Monday, April 26, 2010

Don't Ever Buy Into the Warren Buffett Myth

He's not a down-home simple guy who lives in the original home he had before he made his fortune.  It's well-known that he has at least one mistress and he has expensive real estate in several glamour locations, including Sun Valley and Santa Fe.

Follow his money and sphere of influence. Don't forget he has a big stake in Goldman Sachs and he recently expressed full support for the Company and it's antics. He also controls Nebraska Senator Ben Nelson: 
Anyway, WSJ reports that while the Democrats are making real progress on derivatives reform, the bill could contain a big pro-Berkshire loophole. And of course, the loophole was placed by Nebraska Senator Ben Nelson. Here's the nut of it: The provision, sought by Berkshire and pushed by Nebraska Sen. Ben Nelson in the Senate Agriculture Committee, would largely exempt existing derivatives contracts from the proposed rules. Previously, the legislation could have allowed regulators to require that companies such as Nebraska-based Berkshire put aside large sums to cover potential losses. The change thus would aid Berkshire, which has a $63 billion derivatives portfolio, according to Barclays Capital.
Here's the link from  The Buffett Rule

If this provision remains intact, it will enable Buffett's Berkshire Hathaway to escape expensing up front the massive cost of potential derivatives losses embedded throughout the Berkshire empire. Kick the can down the road at the expense of shareholders who might otherwise sell the stock in anticipation of lower reported earnings OR new buyers of the stock who get lured in by GAAP earnings that are essentially fictitious.

Lest we forget, Buffett also owns 10% of Wells Fargo, which is defiantly overstating the value of its toxic real estate-related assets, is sitting on a powder keg of subprime pay-option ARM mortgages (which currently have a 45% default rate, but you wouldn't know that from looking at WFC's balance sheet valuations) and has not even come close addressing the reality of the commercial real estate to which its exposed.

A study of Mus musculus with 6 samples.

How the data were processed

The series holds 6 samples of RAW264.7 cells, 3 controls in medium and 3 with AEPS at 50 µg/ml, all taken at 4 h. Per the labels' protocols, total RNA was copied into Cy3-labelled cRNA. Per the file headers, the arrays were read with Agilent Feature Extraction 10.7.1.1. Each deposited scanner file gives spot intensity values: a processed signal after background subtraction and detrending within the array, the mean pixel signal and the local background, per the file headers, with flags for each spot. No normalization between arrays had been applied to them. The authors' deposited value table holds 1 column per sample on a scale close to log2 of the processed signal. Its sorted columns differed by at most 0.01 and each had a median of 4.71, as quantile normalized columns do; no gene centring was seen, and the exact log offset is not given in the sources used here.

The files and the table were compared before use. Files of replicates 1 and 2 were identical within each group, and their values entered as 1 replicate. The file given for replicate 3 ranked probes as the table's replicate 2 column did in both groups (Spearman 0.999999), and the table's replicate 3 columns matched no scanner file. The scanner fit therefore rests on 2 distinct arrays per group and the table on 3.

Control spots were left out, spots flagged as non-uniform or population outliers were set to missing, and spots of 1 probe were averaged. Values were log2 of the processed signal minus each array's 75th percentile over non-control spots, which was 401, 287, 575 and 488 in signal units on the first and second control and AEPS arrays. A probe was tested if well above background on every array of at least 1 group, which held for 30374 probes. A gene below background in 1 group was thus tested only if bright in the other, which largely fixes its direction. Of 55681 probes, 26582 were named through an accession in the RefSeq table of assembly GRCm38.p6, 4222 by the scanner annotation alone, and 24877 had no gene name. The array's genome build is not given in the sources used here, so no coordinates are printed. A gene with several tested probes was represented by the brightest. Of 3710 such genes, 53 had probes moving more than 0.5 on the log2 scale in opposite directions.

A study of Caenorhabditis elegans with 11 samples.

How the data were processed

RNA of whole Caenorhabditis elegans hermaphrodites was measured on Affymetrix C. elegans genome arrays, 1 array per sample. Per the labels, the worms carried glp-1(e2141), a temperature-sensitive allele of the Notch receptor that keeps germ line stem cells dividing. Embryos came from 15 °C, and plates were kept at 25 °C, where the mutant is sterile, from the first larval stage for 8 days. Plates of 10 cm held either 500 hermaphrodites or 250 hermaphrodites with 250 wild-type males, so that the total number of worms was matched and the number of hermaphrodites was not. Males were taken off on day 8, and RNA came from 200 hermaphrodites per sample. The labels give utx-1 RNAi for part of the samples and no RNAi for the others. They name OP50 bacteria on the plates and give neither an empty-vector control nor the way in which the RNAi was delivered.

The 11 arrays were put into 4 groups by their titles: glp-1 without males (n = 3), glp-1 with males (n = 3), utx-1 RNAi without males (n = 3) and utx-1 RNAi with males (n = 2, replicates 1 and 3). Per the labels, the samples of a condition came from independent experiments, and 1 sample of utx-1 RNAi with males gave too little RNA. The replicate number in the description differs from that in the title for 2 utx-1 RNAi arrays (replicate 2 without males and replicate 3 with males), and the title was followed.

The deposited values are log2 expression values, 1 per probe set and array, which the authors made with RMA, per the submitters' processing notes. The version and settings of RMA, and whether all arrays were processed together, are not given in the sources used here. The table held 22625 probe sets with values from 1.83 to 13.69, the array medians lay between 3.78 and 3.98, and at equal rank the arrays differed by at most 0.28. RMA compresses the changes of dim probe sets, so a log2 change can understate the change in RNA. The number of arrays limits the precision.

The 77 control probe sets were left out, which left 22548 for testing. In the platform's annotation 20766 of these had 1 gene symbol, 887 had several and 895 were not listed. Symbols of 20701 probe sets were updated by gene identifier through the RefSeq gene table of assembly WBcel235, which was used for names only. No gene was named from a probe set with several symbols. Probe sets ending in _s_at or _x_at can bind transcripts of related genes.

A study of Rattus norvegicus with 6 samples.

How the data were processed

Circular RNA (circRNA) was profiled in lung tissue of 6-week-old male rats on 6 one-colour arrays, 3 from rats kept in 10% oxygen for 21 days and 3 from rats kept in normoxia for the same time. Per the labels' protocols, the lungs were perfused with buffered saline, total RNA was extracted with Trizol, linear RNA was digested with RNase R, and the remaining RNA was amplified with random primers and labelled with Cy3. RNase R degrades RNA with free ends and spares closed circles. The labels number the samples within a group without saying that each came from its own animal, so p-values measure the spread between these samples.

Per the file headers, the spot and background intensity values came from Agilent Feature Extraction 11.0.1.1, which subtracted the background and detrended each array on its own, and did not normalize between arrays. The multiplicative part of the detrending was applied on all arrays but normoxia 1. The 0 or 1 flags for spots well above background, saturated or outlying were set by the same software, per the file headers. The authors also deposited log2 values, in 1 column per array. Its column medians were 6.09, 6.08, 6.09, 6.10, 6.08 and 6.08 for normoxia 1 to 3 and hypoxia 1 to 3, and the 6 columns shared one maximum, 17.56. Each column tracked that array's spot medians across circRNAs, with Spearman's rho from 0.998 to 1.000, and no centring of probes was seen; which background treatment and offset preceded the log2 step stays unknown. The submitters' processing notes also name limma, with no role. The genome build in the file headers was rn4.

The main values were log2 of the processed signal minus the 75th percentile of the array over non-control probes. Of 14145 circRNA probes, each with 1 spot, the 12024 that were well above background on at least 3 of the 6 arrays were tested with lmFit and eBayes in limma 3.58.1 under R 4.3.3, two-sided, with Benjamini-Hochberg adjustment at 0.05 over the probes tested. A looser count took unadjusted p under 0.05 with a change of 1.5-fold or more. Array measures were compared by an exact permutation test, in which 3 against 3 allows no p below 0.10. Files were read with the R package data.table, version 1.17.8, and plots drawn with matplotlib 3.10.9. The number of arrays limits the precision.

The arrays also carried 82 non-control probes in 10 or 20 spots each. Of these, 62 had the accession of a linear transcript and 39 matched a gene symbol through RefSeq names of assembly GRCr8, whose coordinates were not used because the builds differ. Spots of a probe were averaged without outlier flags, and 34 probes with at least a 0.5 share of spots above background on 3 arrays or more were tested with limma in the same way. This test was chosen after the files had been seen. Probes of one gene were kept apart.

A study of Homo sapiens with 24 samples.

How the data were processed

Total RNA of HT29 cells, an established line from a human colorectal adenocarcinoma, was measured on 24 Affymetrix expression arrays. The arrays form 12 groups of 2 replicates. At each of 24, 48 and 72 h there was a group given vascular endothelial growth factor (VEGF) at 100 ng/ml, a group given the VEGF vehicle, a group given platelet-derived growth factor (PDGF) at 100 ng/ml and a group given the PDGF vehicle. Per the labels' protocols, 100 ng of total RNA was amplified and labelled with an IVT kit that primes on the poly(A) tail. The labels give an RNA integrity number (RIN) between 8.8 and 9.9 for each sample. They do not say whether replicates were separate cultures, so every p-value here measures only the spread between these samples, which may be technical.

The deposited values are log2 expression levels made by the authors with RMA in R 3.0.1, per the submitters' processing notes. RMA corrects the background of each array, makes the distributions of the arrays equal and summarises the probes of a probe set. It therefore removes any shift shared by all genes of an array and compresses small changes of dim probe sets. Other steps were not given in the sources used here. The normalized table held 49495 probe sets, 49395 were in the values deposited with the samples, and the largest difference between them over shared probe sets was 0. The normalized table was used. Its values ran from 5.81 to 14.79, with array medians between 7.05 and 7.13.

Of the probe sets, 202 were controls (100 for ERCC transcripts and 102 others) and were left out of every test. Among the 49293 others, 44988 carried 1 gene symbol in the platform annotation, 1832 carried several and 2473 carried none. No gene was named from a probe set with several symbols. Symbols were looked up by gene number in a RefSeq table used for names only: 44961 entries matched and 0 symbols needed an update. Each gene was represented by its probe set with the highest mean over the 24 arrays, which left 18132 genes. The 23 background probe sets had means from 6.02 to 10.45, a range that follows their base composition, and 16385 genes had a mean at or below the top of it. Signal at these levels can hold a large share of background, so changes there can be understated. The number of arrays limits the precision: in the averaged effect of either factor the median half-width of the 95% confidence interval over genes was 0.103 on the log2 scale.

Just remember, there's rules for Warren Buffett and then there's rules for the rest of us. Just like in a Banana Republic. Buffett said it himself a couple years ago: the U.S. will become a country of serfs (and he'll be King). Oh ya, his frumpy "sack suits" designed to look inexpensive are actually very expensive Italian suits tailored to give the look he's known for.


  1. LOL. Thanks. Was up very early in the morning trading gold and silver so I'm a bit sluggish right now!

  2. Amen. At other times and in other places I've said the same thing about the sage of Omaha. See the link. Buffet is the Bernard Baruch of our time. Every epoch has to have a humbug or two to keep the restless many ever hopeful.

  3. Man finds gold coins worth $20,000

    Lucky guy.

  4. About link for man finding $20,000....

    I am a conservative gold-bug and while I can't jump on the band-wagon that gold is money per se, it's stories like this and one of a man finding old Saxon gold ( that reminds me that precious metals will always retain some value even after decades or longer. Better than most stock or bond options I can name.

    Keep posting Dave, I enjoy your blog daily.

  5. Thanks for the link and the feedback.

  6. agreed Dave, Buffet in nothing more than a piece offering by the money masters... why doesnt the media EVER show how the Rockefeller, or the Rothschilds live?!

    There was a picture on MW of the queen of England lecturing the surfs about fiscal prudence while she was covered from head to toe with diamonds, rubies, etc and sitting on a chair made of gold... un-f'ing believable.

  7. Thanks Dave. Years ago, I was happy to hear Buffett correctly label derivatives as weapons of mass destruction. I guess it's more of 'do as i say, not do as i do.'

    Buffett...just another plutocrat SOB.


  8. the Rockefellers and Rothschilds are old money. By design, they take great pains to stay out of public light.

  9. up early trading gold and silver paper ,.

    whats this trading gold and silver , you were trading paper

  10. LOL - i look at it as a substitute for having a bookie and betting sports (which I used to do when I lived in NYC).

    Actually, being involved in a small way trading gold/silver paper helps give me a better "feel" for the strength/weakness of the market and helps me manage the fund. You really can't be fully involved in a market unless you have money on the line.